May-June 2017 | 2 Tips for Modern & Contemporary Teachers | Preparedness and Repetition

Photo by Ingrid Werthmann

Preparedness and Repetition

by Toni Pierce-Sands

Tip 1
The start of class can be challenging if I don’t allow students time to transition from their everyday routines into class time. So before we begin our first exercise, I have them walk about the room; lightly jog, run, and dart; and finally, actively rest from their momentum. In the space of a few minutes, my students reach a high level of physicality and interaction with one another, bringing their awareness, spirit, excitement, and warmth to the forefront in readiness for class.

This is my method for preparing middle- and highschoolaged dancers to learn, but I encourage you to find your own methods. A preparedness ritual may cut into your class time by a few minutes, but it is well worth it. When students are engaged and ready to learn, you accomplish more in every class.

Tip 2
Repetition is always important, especially with middle- and high-school-aged students. Their ability to learn movement quickly can fool you into thinking that they don’t need much repetition. But it’s important for you to take the time to explore and break down movement for these students, particularly with simple transitional steps.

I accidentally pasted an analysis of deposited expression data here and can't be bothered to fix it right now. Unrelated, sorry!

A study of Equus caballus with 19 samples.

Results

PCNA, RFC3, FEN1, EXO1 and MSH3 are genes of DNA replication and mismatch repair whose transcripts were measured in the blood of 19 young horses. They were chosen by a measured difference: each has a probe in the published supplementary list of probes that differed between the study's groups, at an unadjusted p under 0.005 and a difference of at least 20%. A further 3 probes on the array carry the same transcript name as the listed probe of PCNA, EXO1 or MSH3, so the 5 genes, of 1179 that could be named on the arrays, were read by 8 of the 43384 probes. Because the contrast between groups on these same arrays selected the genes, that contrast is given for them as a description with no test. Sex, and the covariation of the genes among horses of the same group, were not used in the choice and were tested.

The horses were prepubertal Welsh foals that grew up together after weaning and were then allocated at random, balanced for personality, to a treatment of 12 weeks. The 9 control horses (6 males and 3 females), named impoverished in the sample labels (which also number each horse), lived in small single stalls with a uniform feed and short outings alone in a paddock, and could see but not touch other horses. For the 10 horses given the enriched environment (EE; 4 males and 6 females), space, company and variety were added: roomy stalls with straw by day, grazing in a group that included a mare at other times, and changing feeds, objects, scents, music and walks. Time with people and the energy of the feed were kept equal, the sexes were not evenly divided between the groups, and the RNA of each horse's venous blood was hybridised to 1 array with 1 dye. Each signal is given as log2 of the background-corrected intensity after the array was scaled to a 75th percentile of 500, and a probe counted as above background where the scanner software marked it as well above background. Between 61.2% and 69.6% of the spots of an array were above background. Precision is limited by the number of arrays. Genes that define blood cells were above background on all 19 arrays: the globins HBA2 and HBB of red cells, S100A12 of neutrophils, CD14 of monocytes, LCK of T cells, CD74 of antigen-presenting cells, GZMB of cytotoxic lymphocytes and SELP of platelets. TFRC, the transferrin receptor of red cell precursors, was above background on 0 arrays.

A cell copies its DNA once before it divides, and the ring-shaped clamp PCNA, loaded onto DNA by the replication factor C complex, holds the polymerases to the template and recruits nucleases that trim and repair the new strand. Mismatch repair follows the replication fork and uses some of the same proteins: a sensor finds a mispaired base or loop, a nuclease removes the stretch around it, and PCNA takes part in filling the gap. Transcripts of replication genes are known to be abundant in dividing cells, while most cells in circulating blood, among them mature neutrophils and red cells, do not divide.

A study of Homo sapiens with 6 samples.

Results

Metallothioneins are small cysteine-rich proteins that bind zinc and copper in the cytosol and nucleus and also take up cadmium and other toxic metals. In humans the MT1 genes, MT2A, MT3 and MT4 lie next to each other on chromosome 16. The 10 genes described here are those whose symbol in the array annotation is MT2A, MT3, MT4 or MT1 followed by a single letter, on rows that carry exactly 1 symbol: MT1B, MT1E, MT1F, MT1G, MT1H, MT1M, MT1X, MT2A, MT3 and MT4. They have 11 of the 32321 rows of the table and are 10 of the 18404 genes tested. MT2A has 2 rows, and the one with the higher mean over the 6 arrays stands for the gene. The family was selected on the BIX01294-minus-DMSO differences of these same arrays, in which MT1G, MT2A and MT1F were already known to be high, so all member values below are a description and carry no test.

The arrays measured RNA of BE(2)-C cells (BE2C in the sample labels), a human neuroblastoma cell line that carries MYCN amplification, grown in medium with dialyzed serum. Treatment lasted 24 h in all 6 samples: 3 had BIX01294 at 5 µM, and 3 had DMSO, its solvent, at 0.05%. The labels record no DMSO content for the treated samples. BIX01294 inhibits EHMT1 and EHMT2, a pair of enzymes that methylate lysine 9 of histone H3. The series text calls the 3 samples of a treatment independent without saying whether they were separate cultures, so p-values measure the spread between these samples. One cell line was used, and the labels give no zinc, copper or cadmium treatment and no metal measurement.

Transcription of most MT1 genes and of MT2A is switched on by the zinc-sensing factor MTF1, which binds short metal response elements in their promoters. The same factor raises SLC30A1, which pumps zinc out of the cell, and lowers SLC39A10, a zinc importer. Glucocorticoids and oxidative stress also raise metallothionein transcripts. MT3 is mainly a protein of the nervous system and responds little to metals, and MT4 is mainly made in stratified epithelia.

When you break down a chassé, for example—the shifting of weight from one foot to the other and landing on the original foot—you encourage students to go deeper than imitation. They’ll understand this transitional step both intellectually and physically, and also how it’s used in the technique (contemporary, release, Horton, etc.) you are teaching. Breaking down and repeating transitional steps (which are often overlooked) guides students to an understanding of their value. They’ll discover this on their own through repetition—a rewarding experience for student and teacher alike!


Former Alvin Ailey American Dance Theater soloist Toni Pierce-Sands is co-artistic director of TU Dance, director of the School at TU Dance Center, on faculty at the University of Minnesota, and a teacher of Horton technique.